AURORA | A new team of health care workers hits the streets of northwest Aurora this week with eyes toward reducing police responses to non-criminal crises.
Members of the so-called Aurora Mobile Response Team begin their first shift at 10 a.m. Wednesday, responding to citizen-initiated calls four days a week in the area between the municipal border with Denver and Interstate 225 to the east, and East Sixth Avenue to the south.
The team comprises a manager, a paramedic and a mental health clinician who respond to incidents involving “individuals experiencing a behavioral health crisis related to mental health, depression, homelessness, poverty and/or substance use issues,” according to Cristal Dukes, spokesperson for the City of Aurora.
No member of the team has arresting authority, and they will not respond to incidents involving violence or life-threatening injuries, Dukes said. Police will not respond to calls with the new unit unless additional assistance is needed.
The program is currently funded to operate until March 2022, at which point city officials will evaluate its efficacy and consider additional funding.
Aurora City Council members unanimously underwrote the pilot last fall, allocating $160,000 for the six-month program modeled after the Crisis Assistance Helping Out On The Streets, or CAHOOTS, program in Eugene, Oregon.
Allison Hiltz, who helped shepherd the creation of the program, lauded its rollout.
“Experiencing a mental health crisis is not a crime, and this program offers a more appropriate and compassionate response,” she said.
City staffers worked with the local advocacy group known as DASHR for nearly two years to craft the new program. The same group helped create a similar scheme in Denver, known as the Support Team Assisted Response, in 2020. That program, also known as STAR, has resulted in zero arrests and recently got the green light for expansion, according to reporting from Denverite.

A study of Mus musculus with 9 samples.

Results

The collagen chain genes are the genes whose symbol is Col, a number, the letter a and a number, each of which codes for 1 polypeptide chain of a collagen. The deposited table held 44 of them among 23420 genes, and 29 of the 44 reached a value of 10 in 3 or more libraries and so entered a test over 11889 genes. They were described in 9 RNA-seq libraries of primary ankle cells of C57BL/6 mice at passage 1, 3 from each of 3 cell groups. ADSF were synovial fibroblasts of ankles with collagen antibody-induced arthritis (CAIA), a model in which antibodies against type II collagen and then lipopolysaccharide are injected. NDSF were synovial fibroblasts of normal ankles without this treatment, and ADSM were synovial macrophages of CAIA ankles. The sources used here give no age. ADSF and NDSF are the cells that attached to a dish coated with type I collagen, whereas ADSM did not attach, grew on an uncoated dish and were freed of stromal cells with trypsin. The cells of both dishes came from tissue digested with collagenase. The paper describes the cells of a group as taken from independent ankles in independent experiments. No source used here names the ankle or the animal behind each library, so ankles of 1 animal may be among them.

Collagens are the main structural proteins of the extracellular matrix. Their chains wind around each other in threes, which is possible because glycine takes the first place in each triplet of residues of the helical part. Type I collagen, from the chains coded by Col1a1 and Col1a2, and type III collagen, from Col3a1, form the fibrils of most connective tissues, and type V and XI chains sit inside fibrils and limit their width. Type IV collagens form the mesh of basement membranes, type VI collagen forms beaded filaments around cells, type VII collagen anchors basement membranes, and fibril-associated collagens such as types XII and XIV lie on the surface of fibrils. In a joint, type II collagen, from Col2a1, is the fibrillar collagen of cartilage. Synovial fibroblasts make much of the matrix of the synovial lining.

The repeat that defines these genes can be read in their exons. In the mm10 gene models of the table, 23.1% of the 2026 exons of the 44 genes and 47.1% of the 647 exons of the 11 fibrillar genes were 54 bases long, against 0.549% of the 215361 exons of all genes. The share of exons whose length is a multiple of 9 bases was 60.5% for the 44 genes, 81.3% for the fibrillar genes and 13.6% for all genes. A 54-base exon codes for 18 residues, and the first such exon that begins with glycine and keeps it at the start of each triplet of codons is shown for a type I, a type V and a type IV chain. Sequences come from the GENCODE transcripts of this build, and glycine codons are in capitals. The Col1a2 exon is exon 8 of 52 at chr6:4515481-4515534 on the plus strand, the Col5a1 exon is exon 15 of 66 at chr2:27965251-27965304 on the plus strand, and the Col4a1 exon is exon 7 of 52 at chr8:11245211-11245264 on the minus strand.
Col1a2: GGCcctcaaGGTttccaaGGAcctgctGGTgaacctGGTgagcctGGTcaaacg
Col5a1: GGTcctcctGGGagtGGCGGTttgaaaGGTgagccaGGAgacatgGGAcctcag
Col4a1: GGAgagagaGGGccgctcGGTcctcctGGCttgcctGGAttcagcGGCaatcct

The new Aurora program will dovetail with the work of the city’s standing Crisis Response Team, which Aurora police and Aurora Mental Health formed with grant funding in 2017. The group features one police sergeant, five officers, two clinicians and one clinician manager, according to city documents. The clinicians often place subjects of mental health calls on 72-hour holds, admitting them to local hospitals for treatment.
The new manager of the mobile reposes team, Courtney Tassin, previously worked with the police department’s crisis response crew, according to her LinkedIn page.
To access the team, residents of northwest Aurora can call 911 or the police department’s non-emergency line, 303-627-3100 between 10 a.m. and 7 p.m. Wednesday through Saturday and request the assistance of the Aurora Mobile Response Team.